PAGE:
Bill would let certain employees carry guns at Florida schools
JACKSONVILLE, Fla. – It's currently against the law in Florida to carry a gun on school property. But that could soon change.
That's because a piece of legislation weaving its way through the state legislature would allow certain school employees to carry guns on campus.
The issue is a source of controversy for parents and local school officials.
LEGISLATION: Read the full text of Senate Bill 1236
Senate Bill 1236, which was first filed last month, would make it legal for employees and volunteers chosen by school districts to be armed on school property.
The bill requires those selected to hold concealed carry permits. They must complete 40 hours of school safety training and eight hours a year of active shooter training, among other criteria.
The legislation's sponsor, state Sen. Dennis Baxley, R-Ocala, contends the measure will enhance school safety and security, particularly in the event of an active shooter.
The bill has some local backing. State Rep. Cord Byrd, R-Neptune Beach, who practices law focused on Second Amendment issues, endorsed the legislation.
"We know criminals and people with bad intent target places that are gun-free zones, which schools are now. Appreciating concern of parents, I would like to remove gun-free zone designation and give school districts the option for greater armed security at the school," Byrd said in part.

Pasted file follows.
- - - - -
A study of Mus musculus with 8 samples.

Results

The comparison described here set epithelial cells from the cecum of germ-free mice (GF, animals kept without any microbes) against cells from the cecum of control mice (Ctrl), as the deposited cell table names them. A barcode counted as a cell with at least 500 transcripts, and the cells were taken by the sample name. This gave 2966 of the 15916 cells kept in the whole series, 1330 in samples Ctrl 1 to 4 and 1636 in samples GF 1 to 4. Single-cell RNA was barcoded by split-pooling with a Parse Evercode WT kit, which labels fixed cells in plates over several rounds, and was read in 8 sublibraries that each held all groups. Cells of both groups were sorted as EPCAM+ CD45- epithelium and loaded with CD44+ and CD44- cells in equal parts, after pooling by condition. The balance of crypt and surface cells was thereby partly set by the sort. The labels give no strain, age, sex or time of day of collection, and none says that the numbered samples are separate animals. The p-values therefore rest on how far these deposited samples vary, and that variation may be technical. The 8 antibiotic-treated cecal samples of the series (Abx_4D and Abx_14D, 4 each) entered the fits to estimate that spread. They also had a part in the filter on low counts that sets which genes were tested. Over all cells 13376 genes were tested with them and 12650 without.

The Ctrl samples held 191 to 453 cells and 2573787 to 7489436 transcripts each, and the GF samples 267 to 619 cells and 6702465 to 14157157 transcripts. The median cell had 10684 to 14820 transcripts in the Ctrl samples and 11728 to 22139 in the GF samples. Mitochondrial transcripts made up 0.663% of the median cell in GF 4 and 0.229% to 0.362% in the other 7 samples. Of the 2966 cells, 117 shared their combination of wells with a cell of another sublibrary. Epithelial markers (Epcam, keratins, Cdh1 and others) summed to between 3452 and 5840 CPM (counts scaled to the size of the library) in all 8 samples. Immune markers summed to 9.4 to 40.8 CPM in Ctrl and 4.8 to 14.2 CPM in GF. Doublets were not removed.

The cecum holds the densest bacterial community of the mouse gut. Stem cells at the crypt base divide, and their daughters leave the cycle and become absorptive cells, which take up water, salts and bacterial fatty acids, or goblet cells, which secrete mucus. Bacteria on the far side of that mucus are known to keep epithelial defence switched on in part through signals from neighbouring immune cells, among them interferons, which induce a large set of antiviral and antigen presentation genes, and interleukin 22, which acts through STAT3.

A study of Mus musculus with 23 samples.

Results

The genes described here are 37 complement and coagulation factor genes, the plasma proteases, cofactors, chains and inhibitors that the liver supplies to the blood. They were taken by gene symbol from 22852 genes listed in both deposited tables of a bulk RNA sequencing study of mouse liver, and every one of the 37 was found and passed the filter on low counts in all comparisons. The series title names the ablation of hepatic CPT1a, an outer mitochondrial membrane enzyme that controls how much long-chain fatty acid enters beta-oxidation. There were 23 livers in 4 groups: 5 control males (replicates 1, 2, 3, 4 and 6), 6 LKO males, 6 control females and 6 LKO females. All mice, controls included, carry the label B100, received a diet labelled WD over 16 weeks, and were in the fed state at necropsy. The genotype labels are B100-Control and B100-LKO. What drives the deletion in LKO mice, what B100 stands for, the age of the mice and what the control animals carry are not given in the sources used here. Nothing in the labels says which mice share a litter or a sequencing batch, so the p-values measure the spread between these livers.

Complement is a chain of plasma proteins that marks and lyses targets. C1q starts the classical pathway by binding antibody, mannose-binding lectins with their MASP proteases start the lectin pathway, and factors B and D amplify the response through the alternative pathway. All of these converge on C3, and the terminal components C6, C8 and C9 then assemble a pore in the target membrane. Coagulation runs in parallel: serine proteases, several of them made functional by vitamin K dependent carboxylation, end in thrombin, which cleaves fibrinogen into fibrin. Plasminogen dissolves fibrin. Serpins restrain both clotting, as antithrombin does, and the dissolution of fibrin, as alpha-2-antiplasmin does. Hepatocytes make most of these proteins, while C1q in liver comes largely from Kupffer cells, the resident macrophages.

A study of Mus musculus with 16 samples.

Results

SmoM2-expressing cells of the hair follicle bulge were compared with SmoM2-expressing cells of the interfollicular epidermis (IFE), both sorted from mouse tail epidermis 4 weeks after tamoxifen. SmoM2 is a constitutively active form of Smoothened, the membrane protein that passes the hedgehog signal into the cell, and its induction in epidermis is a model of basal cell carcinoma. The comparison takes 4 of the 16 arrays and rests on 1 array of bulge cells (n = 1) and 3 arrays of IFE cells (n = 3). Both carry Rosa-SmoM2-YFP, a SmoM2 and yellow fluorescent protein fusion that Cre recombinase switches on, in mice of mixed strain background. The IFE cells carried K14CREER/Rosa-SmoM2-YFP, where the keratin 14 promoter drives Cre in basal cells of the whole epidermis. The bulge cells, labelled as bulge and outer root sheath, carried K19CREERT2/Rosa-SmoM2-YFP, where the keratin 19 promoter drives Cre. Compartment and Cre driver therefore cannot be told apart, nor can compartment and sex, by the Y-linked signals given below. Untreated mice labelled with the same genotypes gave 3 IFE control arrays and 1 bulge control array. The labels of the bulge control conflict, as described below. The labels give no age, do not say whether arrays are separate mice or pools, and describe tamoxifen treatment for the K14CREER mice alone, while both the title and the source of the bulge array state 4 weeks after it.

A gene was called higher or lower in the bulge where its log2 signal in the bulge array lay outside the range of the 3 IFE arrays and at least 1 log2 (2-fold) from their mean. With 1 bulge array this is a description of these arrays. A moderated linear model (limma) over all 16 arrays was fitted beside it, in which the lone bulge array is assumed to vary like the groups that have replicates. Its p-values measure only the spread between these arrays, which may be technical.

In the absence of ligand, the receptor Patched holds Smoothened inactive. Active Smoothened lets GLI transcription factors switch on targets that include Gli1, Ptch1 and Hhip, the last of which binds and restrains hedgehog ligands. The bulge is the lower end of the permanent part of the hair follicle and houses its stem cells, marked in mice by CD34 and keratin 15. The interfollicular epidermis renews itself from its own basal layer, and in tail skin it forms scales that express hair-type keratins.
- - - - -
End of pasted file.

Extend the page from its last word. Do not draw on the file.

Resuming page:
Reporters reached out to several local school districts to take their temperature on the legislation. Of the two districts that responded, neither offered even a lukewarm endorsement.
Duval County School Board Vice Chair Lori Hershey said the district already has training in place for active shooter situations, and she noted that district officials are monitoring the bill's progress.
Meanwhile, St. Johns County Schools Superintendent Tim Forson said he's not convinced having guns in schools is the answer to potential threats and he's concerned about what it would entail.
Parents had their own reservations. "I kind of have mixed feelings" because it means there would be guns around kids, said Shana McDowell, a mother of two.
Calvin Rivers, who is opposed to the measure, said more guns on campus would only complicate things in the event of an emergency.
"It would make the police law enforcement's job a heck of a lot more difficult because if they come to an emergency situation, how can they tell who is who?" Rivers said.